After two days of deep losses, Chicago wheat futures rebounded on Thursday, with support from dry weather that is expected to reduce yields in Russia and Australia, Reuters reports.
The most-active wheat contract on the Chicago Board of Trade was up 0.7% at $4.94 a bushel by 1118 GMT, having lost more than 5% in the two previous sessions.
“Wheat is finding support on continued dryness in Russia,” brokerage firm Allendale said in an analyst note.
Earlier this week, Russian agricultural consultancy SovEcon downgraded its forecast for Russia’s 2019 wheat crop due to dry weather in May and could cut it further if the weather remains dry this month.
Dry weather is also a concern in Australia.
“The next three months are expected to be dry in much of Australia and people have started to reduce estimates for production in the Black Sea region due to the dry weather,” said one Singapore-based trader.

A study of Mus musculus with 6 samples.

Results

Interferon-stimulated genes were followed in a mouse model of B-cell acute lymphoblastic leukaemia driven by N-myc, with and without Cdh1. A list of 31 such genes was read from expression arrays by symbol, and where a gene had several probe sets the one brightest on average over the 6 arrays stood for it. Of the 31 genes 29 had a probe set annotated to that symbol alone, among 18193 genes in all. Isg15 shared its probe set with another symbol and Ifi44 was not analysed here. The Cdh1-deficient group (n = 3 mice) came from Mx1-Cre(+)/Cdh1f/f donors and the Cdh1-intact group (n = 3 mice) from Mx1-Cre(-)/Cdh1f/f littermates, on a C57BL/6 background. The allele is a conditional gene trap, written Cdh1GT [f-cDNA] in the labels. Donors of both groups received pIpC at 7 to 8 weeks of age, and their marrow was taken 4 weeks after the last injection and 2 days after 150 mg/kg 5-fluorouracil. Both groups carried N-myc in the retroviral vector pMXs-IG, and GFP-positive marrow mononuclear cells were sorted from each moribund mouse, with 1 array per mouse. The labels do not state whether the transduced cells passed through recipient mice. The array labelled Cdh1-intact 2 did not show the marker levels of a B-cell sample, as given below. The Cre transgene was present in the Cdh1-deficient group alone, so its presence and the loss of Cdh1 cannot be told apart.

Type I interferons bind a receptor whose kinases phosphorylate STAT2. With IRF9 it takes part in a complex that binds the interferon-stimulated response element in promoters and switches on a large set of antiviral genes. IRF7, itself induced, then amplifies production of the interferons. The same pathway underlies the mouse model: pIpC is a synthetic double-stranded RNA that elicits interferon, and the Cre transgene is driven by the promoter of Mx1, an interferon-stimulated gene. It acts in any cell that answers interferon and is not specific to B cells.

In contrast, the outlook for crops in western Europe has improved after recent rains and September milling wheat futures in Paris was down 0.25 euros or 0.1 percent at 178.75 euros a ton.
Germany’s 2019 wheat harvest will increase 21.9% on the year to 24.70 million tonnes as hopes of a recovery continue after drought caused massive harvest damage last year, the country’s association of farm cooperatives said on Wednesday.
“The recent rainfall has prompted the German Farmers Cooperative to slightly raise its forecast for this year’s wheat crop in Germany,” Commerzbank said in a market note.